The cover itself is actually more than just a cover - it's a foldout with artistic images of past and present NHL All-Stars. Alex Delvecchio, Wayne Gretzky, Mario Lemieux, and Maurice Richard are featured on the cover portion, but the foldout had Gordie Howe, Denis Potvin, Frank Mahovlich, Bobby Hull, and Ted Lindsay on the inside! The cover illustrations were done by Mark Bender - his site is absolutely fantastic! The back of the foldout has an advertisement for the 1990 Dodge Daytona and Dodge Dakota. Not important, but just some context as to what was on the back.
There is a great article written by Bob Grove found on page 17 about Pittsburgh's hockey history. According to the article, Pittsburgh was the first city to claim a professional hockey team in 1902, but it was an amateur team in 1924 that put Pittsburgh on the map as a hockey city. The Pittsburgh Yellow Jackets won the United States Amateur Hockey Championship in both 1924 and 1925, and featured future NHL legends such as goaltender Roy Worters and defenceman Lionel Conacher. The success of the Yellow Jackets led to the NHL expanding into Pittsburgh for the 1925-26 season as the Pirates joined the league.
The Pirates opened that season with wins over Boston and Montreal in late November of 1925, but dropped their home opener on December 2 in overtime by a 2-1 score to the New York Americans. The Pirates would finish in third-place in '25-26, but the loss of Conacher and Worters in successive seasons would help in the Pirates' plummet down the standings. By 1929-30, the team won just five of 44 games. They would move to Philadelphia for the 1930-31 season where they would play as the Quakers.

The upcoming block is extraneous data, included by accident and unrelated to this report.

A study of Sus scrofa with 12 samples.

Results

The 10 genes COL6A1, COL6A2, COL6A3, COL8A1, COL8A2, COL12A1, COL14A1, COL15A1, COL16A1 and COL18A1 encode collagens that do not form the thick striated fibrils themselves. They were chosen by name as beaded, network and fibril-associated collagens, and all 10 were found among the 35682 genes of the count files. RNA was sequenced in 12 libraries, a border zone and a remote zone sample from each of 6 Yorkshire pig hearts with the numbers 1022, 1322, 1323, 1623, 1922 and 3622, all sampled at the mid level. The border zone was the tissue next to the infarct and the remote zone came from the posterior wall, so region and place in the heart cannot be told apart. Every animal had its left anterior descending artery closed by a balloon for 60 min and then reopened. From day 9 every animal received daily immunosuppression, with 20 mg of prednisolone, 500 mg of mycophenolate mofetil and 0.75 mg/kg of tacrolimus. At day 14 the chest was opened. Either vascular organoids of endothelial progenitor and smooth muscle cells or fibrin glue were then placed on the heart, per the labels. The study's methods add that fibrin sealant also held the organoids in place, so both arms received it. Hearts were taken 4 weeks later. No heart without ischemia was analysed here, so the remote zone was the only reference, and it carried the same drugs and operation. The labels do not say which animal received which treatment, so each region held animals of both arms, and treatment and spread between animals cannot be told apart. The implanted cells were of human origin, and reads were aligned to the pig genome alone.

There are some fantastic photos and great information on the Pittsburgh Hornets in this article, and I may go through it with a fine-toothed comb in the future. But we must push onward.
In one advertisement, a replica Penguins jersey was selling at JC Penney for a mere $45. Outside of a garage sale or a thrift store, has anyone paid $45 for a replica jersey today? I'm thinking "no". In another advertisement, it was announced that 1989-90 would be the first season that the Center Ice Collection would be offered. If that doesn't sound familiar to you, the Center Ice Collection is the authentic on-ice merchandise sold by the NHL. Can you believe that 1989-90 was the first season authentic on-ice merchandise was offered?
There's a great article on the two superstars of the game in 1990 - Wayne Gretzky and Mario Lemieux - written by Michael A. Berger on, ironically, page 99. The comparisons in the article try to break down the age-old question of "which superstar is better". Again, there are some incredible photos of the two players in their youth, but the article is a pretty impressive examination of the two players up to that point. You're welcome to pick whomever you think was better and post that answer in the comments.
There's a fabulous section on the history of the NHL All-Star Game, and it really should be read by all hockey fans. Every game from the Ace Bailey Benefit game to the 1990 game is reviewed with rosters and scoring summaries. It might be my most favorite section of the program.
Hockey programs aren't usually special, but All-Star Game programs always have some great features and articles. I only went over this program quickly today, but I will work some of the information found in its covers into future stories. The hockey history - something I am a huge fan of - will certainly get a little more coverage.
But seriously... $45 for a replica jersey? Let's go back to those economics!
Until next time, keep your sticks on the ice!